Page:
BOSTON (WBZ NewsRadio) — A forest full of blue glass displayed on the front lawn of Cambridge museum honors a tradition originating from a continent over.
On Saturday, the History Cambridge Museum on Brattle Street celebrated their temporary public art exhibit: "Forgotten Souls of Tory Row," which features several trees of blue-tinted bottles on the front lawn of the Hooper-Lee-Nichols-House.
WBZ's James Rojas was touring the exhibit, as the Museum Executive Director Marieke Van Damme described the project and what it stands for.
"It's a tree, it is black rebar with blue bottles tucked on the ends of the rebar— it's a tradition brought over from West Africa to the southern state of America by enslaved people. They represent their spiritual practice and spirits that you can trap— good and bad. A lot of the traditions enslaved people brought over were taken away by the enslavers, but this is a tradition that survived," Van Damme said.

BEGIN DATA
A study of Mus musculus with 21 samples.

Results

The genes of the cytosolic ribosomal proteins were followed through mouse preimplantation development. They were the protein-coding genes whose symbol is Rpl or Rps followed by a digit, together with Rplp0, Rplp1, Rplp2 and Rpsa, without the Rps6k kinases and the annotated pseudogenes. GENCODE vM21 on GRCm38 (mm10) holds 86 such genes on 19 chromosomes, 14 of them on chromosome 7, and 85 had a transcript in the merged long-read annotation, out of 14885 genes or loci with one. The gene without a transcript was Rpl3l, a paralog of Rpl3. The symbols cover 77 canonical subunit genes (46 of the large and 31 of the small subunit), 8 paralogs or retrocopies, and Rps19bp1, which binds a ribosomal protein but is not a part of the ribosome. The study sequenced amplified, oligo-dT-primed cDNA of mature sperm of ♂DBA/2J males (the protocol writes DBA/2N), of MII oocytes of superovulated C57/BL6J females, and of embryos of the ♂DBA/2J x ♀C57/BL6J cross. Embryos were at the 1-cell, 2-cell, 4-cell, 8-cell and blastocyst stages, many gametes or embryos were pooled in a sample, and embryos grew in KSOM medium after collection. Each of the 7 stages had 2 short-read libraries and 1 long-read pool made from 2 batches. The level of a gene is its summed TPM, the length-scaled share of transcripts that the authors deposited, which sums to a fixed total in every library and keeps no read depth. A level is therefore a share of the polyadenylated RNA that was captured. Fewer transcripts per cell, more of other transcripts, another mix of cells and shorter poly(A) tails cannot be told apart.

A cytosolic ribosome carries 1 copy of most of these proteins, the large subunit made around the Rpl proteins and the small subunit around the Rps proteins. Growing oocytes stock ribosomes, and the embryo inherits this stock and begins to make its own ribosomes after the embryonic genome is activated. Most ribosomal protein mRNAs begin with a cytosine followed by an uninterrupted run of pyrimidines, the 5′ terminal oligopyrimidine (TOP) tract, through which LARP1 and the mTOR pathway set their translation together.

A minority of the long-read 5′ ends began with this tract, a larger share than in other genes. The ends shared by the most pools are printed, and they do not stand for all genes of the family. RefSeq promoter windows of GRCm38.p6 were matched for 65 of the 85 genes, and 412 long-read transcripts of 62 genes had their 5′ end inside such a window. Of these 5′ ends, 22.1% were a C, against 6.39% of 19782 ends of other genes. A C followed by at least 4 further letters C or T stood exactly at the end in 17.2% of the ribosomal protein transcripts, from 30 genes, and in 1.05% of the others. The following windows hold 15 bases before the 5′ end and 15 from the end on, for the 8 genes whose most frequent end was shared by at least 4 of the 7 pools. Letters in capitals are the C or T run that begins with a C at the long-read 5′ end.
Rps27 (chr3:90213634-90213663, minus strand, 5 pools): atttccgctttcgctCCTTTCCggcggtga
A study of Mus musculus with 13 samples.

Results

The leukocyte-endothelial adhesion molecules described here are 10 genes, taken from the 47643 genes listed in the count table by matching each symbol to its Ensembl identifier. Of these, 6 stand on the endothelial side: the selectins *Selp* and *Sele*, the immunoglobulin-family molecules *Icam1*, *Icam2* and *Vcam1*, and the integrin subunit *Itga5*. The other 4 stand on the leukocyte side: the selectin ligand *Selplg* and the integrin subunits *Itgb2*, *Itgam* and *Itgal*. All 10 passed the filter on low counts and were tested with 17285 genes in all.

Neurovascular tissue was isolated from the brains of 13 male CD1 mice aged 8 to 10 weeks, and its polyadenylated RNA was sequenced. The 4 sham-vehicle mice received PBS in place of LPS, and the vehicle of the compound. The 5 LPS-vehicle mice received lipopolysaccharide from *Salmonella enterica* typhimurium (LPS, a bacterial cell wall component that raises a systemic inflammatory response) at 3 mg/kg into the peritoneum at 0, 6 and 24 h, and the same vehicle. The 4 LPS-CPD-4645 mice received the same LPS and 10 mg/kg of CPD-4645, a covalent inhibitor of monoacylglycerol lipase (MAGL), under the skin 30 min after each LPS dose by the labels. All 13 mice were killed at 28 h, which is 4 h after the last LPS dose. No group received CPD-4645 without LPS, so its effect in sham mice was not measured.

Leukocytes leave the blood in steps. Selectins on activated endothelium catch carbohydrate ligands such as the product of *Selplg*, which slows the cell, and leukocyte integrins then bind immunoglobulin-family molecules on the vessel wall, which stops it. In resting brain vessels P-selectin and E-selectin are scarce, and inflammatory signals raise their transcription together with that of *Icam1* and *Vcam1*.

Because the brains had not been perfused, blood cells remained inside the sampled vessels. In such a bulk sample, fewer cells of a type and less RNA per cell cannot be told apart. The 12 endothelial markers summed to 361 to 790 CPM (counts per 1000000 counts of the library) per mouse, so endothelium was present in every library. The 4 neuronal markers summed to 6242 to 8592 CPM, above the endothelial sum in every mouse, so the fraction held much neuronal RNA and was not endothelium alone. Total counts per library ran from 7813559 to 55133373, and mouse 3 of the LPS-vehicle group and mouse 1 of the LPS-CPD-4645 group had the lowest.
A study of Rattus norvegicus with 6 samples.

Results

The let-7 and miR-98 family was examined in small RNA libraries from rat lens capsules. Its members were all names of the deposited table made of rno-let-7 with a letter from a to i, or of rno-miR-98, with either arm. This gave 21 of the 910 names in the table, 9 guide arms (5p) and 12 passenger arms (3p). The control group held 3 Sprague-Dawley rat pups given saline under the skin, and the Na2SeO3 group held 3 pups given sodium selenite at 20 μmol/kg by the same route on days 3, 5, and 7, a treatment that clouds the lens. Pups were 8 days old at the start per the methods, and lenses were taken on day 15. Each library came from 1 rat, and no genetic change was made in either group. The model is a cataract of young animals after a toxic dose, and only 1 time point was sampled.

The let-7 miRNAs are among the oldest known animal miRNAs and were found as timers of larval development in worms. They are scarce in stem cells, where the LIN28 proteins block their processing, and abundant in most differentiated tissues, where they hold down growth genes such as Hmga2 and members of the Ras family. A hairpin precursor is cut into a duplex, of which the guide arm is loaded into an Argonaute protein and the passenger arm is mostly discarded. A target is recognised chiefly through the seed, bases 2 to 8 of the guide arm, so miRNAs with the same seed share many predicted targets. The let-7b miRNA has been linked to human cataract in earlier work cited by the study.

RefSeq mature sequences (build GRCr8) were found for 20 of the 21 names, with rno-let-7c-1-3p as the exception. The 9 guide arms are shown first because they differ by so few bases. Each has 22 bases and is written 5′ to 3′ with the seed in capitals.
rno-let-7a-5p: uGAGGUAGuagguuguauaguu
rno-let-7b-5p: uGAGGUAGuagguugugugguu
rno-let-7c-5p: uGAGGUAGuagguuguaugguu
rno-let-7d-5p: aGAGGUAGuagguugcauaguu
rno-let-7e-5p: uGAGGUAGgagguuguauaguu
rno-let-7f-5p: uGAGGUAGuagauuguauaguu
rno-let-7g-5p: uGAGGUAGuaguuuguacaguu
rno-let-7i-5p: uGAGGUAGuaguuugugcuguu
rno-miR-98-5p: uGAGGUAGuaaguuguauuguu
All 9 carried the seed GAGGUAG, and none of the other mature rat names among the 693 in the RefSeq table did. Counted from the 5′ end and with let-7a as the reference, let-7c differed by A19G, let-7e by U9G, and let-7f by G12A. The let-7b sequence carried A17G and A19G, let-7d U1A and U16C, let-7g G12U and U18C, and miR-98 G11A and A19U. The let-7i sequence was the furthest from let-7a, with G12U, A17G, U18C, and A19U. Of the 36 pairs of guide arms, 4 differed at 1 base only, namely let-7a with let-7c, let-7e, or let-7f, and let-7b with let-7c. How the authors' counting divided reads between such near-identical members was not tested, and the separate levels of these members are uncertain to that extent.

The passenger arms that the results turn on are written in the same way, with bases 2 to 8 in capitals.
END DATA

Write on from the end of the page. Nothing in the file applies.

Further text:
The outer and inner circles of the blue bottle trees were designed by Pam Goncalves, the head artist at Black Coral Inc., a non-profit artist collective. According to their mission statement, Black Coral aims to use "ancient knowledge for healing, working with indigenous people nationwide to find solutions for modern problems through nature, art, and spirituality."
The ceremony held on Saturday, marked the opening of the exhibit in June, with musical performances, poetry readings, and speeches among the trees.
"There were also a number of people enslaved down on plantations in the Caribbean that the big mansions up and down Brattle Street, they owned people down there. So, it's a history that we need to talk about and need to remember," Van Damme said.
According to the museum, though Massachusetts was the first American colony to sanction human bondage under the Body of Liberties law, some Cambridge families made their wealth through enslaved labor in Jamaica and with servants in their homes. Brattle Street, known as Tory Row, had plenty of homeowners like this— including the owners of the Hooper-Lee-Nichols House Joseph and Rebecca Lee, who were complicit in the slave trade.
The exhibit from Black Coral not only brings that history into the limelight, but it celebrates the very culture that endured the bonds of slavery. The History Cambridge Museum doesn't shy away from the past either, acknowledging that their headquarters is stationed on traditional ancestral homeland, sacred to the Nipmuc and Wampanoag peoples.
On Thursday, artists from Black Coral will host an online conversation about "Forgotten Souls of Tory Row."
WBZ’s James Rojas (@JamesRojasNews) reports.